IF YOU USE LASTPASS, PLEASE READ THIS EMAIL!
Even if you don’t use LastPass, there are valuable lessons here in this article on online security that might potentially save you untold grief in the future.
Over the weekend I received an email that could have cost me the keys to the kingdom. By that, I mean giving a hacker every password I have! And I have literally hundreds of different passwords.
Here’s the email I received:
On the surface this looks pretty legit! It says it’s coming from Lastpass. But when I click on the name “Lastpass” I see that the underlying email address is email@example.com.
This might fool a lot of people. If you don’t look closely enough you might just see the tail end of the email which is ‘lastpass.com’. But the part in front of that is important too. The real domain here is ‘security-lastpass.com‘.
The email is asking me to confirm some information and it introduces an element of fear by telling me that certain features of my LastPass account will be deactivated unless I log in before June 16, 2022.
This is actually a smart move on the part of the scammers. They are creating a sense of panic in the person they want to scam and when you are in that state, your higher level cerebral cortex tends to shut down and your lower level reptilian brain takes over and intiates a ‘flight or fight’ response. In essence, it inhibits your ability to think. And this of course is what the scammer wants! He wants you to CLICK THAT RED BUTTON, which in this case says “Confirm my information’.
Right clicking on the button allowed me to copy the link, and I pasted that in a browse to have a look at it.
Here’s the link: https://customer-lastpass.com/verify/cgdnd3Mtd2l6EAMYADIFCAAQgAQyBQgAEIAEMgYIABAeEBYyBggAEB4QFjIGCAAQHhAWMgYIABAeEBYyBggAEB4QFjIGCAAQHhAWMgYIABAeEBYyBggAEB4QFjoECAAQR0oECEEYAEoECEYYAFCkAVjjGWCwIWgAcAJ4AIABmgOIAdEPkgEHMi01LjEuMZgBAKABAcgBCMABAQ
You can see that it is taking me to the domain ‘customer-lastpass.com.’ This is NOT Lastpass’s domain!
There are a few other clues in this email. In the “Tips for getting started” section (which the hacker includes to add a measure of credibility to his email), there are three sections each with a link. One is to ‘Install browser extension’. The second is “How to add a password” and the third is “Learn about autofill”. The hacker, though, failed to actually provide any real links i.e. if you click on the blue link text it doesn’t go anywhere! So this is another clue that this email is not legit.
The link, by the way, takes you to a login screen that looks very much like Lastpass’s login screen.
If you enter your credentials, you would be giving the hacker access to your LastPass account and EVERY PASSWORD YOU HAVE STORED IN LASTPASS! This is literally the keys to the kingdom!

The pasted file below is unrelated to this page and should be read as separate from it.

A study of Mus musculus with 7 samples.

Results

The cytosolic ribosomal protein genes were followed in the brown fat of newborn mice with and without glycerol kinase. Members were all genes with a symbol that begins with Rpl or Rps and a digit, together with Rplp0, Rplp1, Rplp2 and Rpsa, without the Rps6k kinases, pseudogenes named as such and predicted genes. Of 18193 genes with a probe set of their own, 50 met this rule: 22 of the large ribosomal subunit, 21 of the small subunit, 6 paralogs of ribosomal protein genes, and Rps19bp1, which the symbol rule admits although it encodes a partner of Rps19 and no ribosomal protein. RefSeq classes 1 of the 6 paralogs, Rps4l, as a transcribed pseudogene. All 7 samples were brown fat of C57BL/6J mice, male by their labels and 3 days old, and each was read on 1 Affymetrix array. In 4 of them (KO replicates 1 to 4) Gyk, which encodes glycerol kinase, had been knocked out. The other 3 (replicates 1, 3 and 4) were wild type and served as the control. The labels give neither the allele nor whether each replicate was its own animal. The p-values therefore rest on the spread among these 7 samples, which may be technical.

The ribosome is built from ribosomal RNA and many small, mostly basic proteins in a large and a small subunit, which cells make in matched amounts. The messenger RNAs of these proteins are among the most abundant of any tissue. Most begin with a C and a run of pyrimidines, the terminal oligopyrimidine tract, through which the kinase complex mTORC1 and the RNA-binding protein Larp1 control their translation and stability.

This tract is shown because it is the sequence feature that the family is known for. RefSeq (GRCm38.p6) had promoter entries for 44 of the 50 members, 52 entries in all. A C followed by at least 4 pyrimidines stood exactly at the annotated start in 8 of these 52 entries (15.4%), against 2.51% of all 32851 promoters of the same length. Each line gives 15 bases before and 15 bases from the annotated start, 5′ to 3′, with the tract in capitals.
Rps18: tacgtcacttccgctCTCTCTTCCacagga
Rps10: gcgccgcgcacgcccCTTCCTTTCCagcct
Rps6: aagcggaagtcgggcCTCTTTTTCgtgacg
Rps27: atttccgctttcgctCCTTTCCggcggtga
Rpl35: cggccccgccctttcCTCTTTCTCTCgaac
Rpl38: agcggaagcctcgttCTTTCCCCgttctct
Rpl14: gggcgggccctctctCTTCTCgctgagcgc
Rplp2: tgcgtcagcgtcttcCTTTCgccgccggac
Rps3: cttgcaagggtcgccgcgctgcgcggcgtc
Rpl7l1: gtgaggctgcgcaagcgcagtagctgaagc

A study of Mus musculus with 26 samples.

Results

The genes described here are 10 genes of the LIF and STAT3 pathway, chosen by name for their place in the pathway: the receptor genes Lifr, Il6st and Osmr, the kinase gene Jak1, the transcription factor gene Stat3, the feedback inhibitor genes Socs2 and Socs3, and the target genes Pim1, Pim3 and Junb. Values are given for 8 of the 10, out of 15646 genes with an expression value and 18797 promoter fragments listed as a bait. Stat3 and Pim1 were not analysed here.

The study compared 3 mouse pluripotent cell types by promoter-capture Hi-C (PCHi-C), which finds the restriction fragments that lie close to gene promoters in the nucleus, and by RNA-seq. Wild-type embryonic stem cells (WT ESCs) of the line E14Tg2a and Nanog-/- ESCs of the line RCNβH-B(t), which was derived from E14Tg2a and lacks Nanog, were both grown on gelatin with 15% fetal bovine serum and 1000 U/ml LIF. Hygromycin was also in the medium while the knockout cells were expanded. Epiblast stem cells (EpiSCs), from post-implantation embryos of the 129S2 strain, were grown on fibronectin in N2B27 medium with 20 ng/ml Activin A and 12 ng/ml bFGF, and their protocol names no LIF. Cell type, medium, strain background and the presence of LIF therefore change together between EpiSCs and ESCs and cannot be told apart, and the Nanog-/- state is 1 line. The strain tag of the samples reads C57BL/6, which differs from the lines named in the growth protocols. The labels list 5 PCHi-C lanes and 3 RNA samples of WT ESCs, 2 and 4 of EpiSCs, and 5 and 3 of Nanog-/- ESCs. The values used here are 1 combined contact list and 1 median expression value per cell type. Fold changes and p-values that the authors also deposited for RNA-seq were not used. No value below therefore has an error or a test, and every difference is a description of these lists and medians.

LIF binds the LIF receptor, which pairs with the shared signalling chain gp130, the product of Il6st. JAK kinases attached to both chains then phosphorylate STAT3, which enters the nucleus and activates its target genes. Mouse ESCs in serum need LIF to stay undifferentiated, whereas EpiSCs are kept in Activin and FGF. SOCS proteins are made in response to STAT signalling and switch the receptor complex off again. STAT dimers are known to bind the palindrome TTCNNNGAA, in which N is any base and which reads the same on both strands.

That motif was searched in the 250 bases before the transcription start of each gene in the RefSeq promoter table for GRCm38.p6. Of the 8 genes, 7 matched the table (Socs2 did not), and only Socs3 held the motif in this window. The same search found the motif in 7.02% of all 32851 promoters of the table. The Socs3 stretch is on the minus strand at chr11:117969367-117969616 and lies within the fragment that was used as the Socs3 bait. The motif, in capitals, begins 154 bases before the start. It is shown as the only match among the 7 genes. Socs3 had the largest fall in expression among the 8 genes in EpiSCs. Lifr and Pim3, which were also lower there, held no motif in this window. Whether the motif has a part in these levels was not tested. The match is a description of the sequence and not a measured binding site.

THE NUMBER ONE RULE FOR EMAIL ONLINE SECURITY
Let’s call this the number one rule for online security:
IF YOU GET AN EMAIL THAT ASKS YOU TO CLICK ON A LINK AND WHERE YOU GO TO ASKS YOU TO ENTER YOUR LOGIN CREDENTIALS, DON’T DO IT!
Instead, if you actually think it’s legit, go to the website yourself by opening your browser and use a bookmark or search for the site.
THE NUMBER TWO RULE FOR ONLINE SECURITY
USE TWO FACTOR AUTHENTICATION wherever possible.
That way, even if your password is compromised, the two factor authentication should save you.
If you don’t know what two factor authentication is, take the time to learn. Google it. You’ll find lots of articles and videos that will show you how to set it up.
THE NUMBER THREE RULE FOR ONLINE SECURITY
Use a good password manager.
LastPass is an excellent password manager. There are other good ones as well. Pick one and use it. Yes, there is a bit of a learning curve. Take the time to do it! In the end, you will be more efficient because you won’t be entering user credentials manually, and you will be far more secure because you won’t be reusing passwords and you will use long passwords (35 characters or more) with upper and lower case and numbers and symbols.
THE WILD, WILD WEST
Phishing scams and the websites they take you to are getting more sophisticated all the time. Often they target organizations and know the names of key people such as the president of the organization or the treasurer. They concoct convincing stories pretending to be key people in your organization and usually end up asking for money to be sent from one person to another (often in the form of gift cards) because of some emergency situation. You might be surprised to hear how many people are taken in by these scams. Again, there are two key reasons:
1. The scammers appear to be legit.
2. They create a sense of urgency and fear which overrides the victim’s ability to think clearly in the perceived limited amount of time they have
The internet is truly the wild, wild west. You need to be appropriately ARMED and wary! You have to know what you are doing. As we discussed above, you need to understand how to use a good password manager and you need to know enough not to click on malicious links or enter information on the websites these links take you to.
Be careful with downloaded files. These can contain viruses or other computer malware. When in doubt check downloaded files with an online virus checker such as Virus Total.
It also helps to know how to look at a website address (called a URL).
Ignorance of these things won’t get you killed but you do run the risk of significant financial loss or even loss of identity. A hacker who has access to your accounts could do all kinds of malicious things while pretending to be you!
Take the time to learn how to protect yourself!